Sulfuric Acid and Sugar Demonstration

Easy & Spectacular Chemistry Demonstration

Sugar changed to black carbon in glass bowl after mixing with sulfuric acid.
Sugar changed to black carbon after mixing with sulfuric acid. Andy Crawford and Tim Ridley / Getty Images

One of the most spectacular chemistry demonstrations is also one of the simplest. It's the dehydration of sugar (sucrose) with sulfuric acid. Basically, all you do to perform this demonstration is put ordinary table sugar in a glass beaker and stir in some concentrated sulfuric acid (you can dampen the sugar with a small volume of water before adding the sulfuric acid). The sulfuric acid removes water from the sugar in a highly exothermic reaction, releasing heat, steam, and sulfur oxide fumes. Aside from the sulfurous odor, the reaction smells a lot like caramel. The white sugar turns into a black carbonized tube that pushes itself out of the beaker.

Key Takeaways: Sulfuric Acid and Sugar Chemistry Demonstration

  • Dehydrating sugar by reacting it with sulfuric acid makes for an entertaining and educational chemistry demonstration.
  • The reaction produces a growing "snake" of black carbon, a lot of steam, and the odor of burning caramel.
  • The demonstration illustrates an exothermic reaction and a dehydration reaction.

Chemistry Demonstration

Sugar is a carbohydrate, so when you remove the water from the molecule, you're basically left with elemental carbon. The dehydration reaction is a type of elimination reaction.

C12H22O11 (sugar) + H2SO4 (sulfuric acid) → 12 C (carbon) + 11 H2O (water) + mixture water and acid

But wait... sugar does not contain water, does it? How can it get dehydrated? If you look at the chemical formula for sugar, you'll see a lot of hydrogen and oxygen atoms. Combining two hydrogen atoms with one oxygen atom makes water. Removing the water leaves behind the carbon. Although the sugar is dehydrated, the water isn't 'lost' in the reaction. Some of it remains as a liquid in the acid. Since the reaction is exothermic, much of the water is boiled off as steam.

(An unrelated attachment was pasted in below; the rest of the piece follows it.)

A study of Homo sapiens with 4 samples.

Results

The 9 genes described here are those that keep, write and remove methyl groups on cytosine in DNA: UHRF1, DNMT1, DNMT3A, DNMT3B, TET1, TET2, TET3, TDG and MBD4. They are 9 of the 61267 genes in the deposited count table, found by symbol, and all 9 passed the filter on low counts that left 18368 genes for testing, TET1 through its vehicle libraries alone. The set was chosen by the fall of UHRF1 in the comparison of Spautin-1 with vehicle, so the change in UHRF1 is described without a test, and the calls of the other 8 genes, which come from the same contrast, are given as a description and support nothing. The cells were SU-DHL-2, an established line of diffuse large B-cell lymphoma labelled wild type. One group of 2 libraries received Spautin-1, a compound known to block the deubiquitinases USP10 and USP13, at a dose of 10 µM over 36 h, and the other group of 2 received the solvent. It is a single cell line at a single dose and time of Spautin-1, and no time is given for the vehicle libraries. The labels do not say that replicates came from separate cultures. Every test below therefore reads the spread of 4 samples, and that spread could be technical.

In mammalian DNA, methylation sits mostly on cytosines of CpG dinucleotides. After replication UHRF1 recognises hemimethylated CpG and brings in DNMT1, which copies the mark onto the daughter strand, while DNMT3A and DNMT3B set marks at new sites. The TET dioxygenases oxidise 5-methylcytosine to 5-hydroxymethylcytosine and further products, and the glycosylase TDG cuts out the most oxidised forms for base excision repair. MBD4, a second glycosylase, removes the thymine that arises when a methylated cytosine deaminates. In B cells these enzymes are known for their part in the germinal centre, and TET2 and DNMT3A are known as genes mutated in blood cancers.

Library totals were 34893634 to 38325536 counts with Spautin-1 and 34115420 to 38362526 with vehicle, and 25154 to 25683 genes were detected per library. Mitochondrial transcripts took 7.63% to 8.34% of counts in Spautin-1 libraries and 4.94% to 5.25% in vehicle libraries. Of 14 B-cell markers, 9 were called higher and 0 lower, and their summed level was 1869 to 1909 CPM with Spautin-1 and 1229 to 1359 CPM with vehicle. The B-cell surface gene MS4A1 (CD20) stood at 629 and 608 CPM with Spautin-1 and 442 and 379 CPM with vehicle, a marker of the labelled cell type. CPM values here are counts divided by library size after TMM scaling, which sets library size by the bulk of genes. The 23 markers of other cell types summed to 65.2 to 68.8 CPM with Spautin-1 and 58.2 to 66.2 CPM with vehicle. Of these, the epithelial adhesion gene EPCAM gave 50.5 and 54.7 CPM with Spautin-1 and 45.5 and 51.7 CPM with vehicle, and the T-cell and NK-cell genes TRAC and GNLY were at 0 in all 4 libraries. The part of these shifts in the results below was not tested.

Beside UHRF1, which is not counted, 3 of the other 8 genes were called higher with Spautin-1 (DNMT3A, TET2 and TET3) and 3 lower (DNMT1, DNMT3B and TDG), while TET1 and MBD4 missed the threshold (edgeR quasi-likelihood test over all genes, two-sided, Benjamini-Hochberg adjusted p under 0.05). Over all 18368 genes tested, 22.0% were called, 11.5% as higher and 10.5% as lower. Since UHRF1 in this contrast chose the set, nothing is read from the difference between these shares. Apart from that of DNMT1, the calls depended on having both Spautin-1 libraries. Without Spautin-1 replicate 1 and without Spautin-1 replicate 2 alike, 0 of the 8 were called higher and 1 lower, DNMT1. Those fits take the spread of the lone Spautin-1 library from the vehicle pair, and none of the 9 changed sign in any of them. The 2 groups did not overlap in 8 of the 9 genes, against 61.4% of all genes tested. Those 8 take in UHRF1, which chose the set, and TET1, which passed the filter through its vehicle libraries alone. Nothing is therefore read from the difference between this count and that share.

Safety Precautions

The sulfuric acid and sugar reaction is a popular chemistry demonstration for high schools, colleges, and science enthusiasts. But, it isn't the kind of project you should do at home.

If you do this demonstration, use proper safety precautions. Whenever you deal with concentrated sulfuric acid, you should wear gloves, eye protection, and a lab coat. Consider the beaker a loss, since scraping burnt sugar and carbon off of it isn't an easy task. It's preferable to perform the demonstration inside of a fume hood because the reaction releases sulfur oxide vapor.

Other Exothermic Chemistry Demonstrations

If you're looking for other dramatic exothermic demonstrations, why not give one of these a try?

  • Steel Wool and Vinegar: Soaking steel wool in vinegar is something you can do at home. Basically, the acetic acid in vinegar reacts with iron in the steel wool in an oxidation reaction. It's rust formation, but it occurs much more rapidly than waiting for natural processes.
  • Barking Dog Reaction: This barking dog reaction gets its name for the sound it makes. Igniting a mixture of carbon disulfide and nitric oxide in a long glass tube forms a flame. The flame travels down the tube, compressing gases in front of it until they have nowhere to go and explode. The small explosion doesn't break the tube, but it does produce a loud "bark" or "woof" and it glows bright blue.
  • Dissolving Laundry Detergent in Water: While not as exciting as the sulfuric acid and sugar reaction or the barking dog reaction, dissolving laundry detergent is something you can try the next time you wash your clothes. Hold a bit of dry detergent in your hand and dampen it with water. It gets warm!
  • Elephant Toothpaste Demonstration: If elephants used toothpaste, it would be the size of the foam produced by this chemical reaction. The reaction between hydrogen peroxide and potassium iodide produces a lot of gas. A bit of detergent added to the mixture traps the gas and makes a steaming, bubbly foam. Adding food coloring customizes the color.

Sources

  • Roesky, Herbert W. (2007). “Experiment 6: Sugar coal by splitting off water from sugar with sulfuric acid”. Spectacular Chemical Experiments. Wiley. p. 17. ISBN 978-3-527-31865-0.
  • Shakhashiri, Bassam Z.; Shreiner, Rodney; Bell, Jerry A. (2011). “1.32 Dehydration of Sugar by Sulfuric Acid”. Chemical Demonstrations: A Handbook for Teachers of Chemistry Volume 1. University of Wisconsin press. pp. 77–78. ISBN 978-0-299-08890-3.